Instituting robotic pediatric urologic surgery in the Canadian healthcare system: Evaluating the feasibility and outcomes of robot-assisted pyeloplasty and ureteric reimplantation
Introduction: Robotic pediatric urologic surgery has gained widespread adoption over the last decade. This article describes our experience in instituting the first pediatric urologic robotic surgery program in Canada. We evaluated the feasibility and safety of instituting pediatric robot-assisted urologic surgery and report our early outcomes for robot-assisted pyeloplasty (RAP) and ureteric reimplantation (RUR).
Methods: We prospectively evaluated all patients undergoing RAP and RUR by a single surgeon from June 2013 to March 2019. Demographic and clinical data were prospectively collected and included sex, age, and preoperative grade of hydronephrosis or reflux. Descriptive statistics were performed, and comparisons were made using Student’s t-tests where appropriate. Success was defined as resolution or significant improvement of hydronephrosis following RAP and absence of recurrent urinary tract infection (UTI) and/or persistent vesicoureteric reflux (VUR) following RUR. Complications were described using the Clavien-Dindo system.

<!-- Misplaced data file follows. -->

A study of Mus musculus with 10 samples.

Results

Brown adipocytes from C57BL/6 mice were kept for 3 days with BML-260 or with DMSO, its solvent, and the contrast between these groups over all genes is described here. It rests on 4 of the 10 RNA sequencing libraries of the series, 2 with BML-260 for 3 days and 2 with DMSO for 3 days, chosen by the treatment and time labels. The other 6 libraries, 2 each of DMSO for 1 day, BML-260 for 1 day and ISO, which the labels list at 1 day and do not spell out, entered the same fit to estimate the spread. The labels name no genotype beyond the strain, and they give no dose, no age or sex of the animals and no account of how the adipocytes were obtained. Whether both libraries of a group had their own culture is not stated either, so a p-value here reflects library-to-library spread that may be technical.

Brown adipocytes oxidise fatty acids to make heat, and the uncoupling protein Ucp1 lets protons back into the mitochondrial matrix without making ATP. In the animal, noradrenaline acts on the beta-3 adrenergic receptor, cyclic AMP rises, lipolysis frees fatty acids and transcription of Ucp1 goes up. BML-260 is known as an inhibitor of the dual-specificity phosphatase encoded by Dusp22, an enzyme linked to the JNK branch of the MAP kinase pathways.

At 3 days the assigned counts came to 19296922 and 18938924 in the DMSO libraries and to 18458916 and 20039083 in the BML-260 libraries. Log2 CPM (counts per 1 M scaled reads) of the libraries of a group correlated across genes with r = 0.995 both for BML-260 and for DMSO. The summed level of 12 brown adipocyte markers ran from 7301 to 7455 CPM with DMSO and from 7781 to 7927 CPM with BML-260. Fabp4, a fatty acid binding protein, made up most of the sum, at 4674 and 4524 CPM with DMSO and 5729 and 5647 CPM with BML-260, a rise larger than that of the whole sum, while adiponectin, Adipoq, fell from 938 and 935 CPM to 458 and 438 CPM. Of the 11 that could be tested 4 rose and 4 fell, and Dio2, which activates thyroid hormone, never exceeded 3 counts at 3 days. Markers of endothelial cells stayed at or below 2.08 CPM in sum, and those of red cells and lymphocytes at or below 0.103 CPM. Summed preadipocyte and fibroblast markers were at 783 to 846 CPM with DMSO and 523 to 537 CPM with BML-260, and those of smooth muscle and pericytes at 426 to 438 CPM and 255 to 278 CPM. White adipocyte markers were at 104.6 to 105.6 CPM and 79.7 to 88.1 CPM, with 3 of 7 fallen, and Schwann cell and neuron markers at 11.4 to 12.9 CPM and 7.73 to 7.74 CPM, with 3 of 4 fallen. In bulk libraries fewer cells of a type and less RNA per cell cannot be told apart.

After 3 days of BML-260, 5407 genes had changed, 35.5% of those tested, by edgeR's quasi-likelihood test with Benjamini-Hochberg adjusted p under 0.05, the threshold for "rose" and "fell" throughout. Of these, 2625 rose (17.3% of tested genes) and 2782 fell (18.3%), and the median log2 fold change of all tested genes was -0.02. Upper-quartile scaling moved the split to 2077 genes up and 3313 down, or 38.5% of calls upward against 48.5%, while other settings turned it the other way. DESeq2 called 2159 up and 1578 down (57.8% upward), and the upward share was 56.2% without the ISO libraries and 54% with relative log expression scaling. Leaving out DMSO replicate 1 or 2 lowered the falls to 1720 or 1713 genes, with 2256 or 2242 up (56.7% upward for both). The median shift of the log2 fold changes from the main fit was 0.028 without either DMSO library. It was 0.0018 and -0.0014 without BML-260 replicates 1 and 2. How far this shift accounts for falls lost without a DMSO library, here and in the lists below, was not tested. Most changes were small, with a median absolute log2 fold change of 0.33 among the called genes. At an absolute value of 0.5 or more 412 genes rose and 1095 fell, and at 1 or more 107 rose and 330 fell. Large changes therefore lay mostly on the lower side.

Results: A total of 52 RAPs and 24 RURs were performed with a minimum of six months followup. Forty-five RAP patients met criteria for success, while diagnostic imaging of success in the form of MAG-3 Lasix renograms was documented in the remaining seven for an overall success of 100%. Sixteen RUR patients met criteria for success and seven showed resolution of VUR on imaging following their first UTI, for an overall success rate of 96%. Operative times progressively improved from 204±35 minutes to 121±15 minutes in the RAP group and from 224±52 to 132±39 minutes in the RUR group. In the RAP cohort, one Clavien grade II and four Clavien grade III complications were noted, while three Clavien grade III complications were noted in the RUR cohort.
Conclusions: Despite limited case volumes, robotic pediatric urologic surgery can be integrated into the Canadian healthcare system with success rates comparable to reported literature. However, compared to open surgery, RAP, and especially RUR, warrant further study to ensure lack of significant complications noted in our study.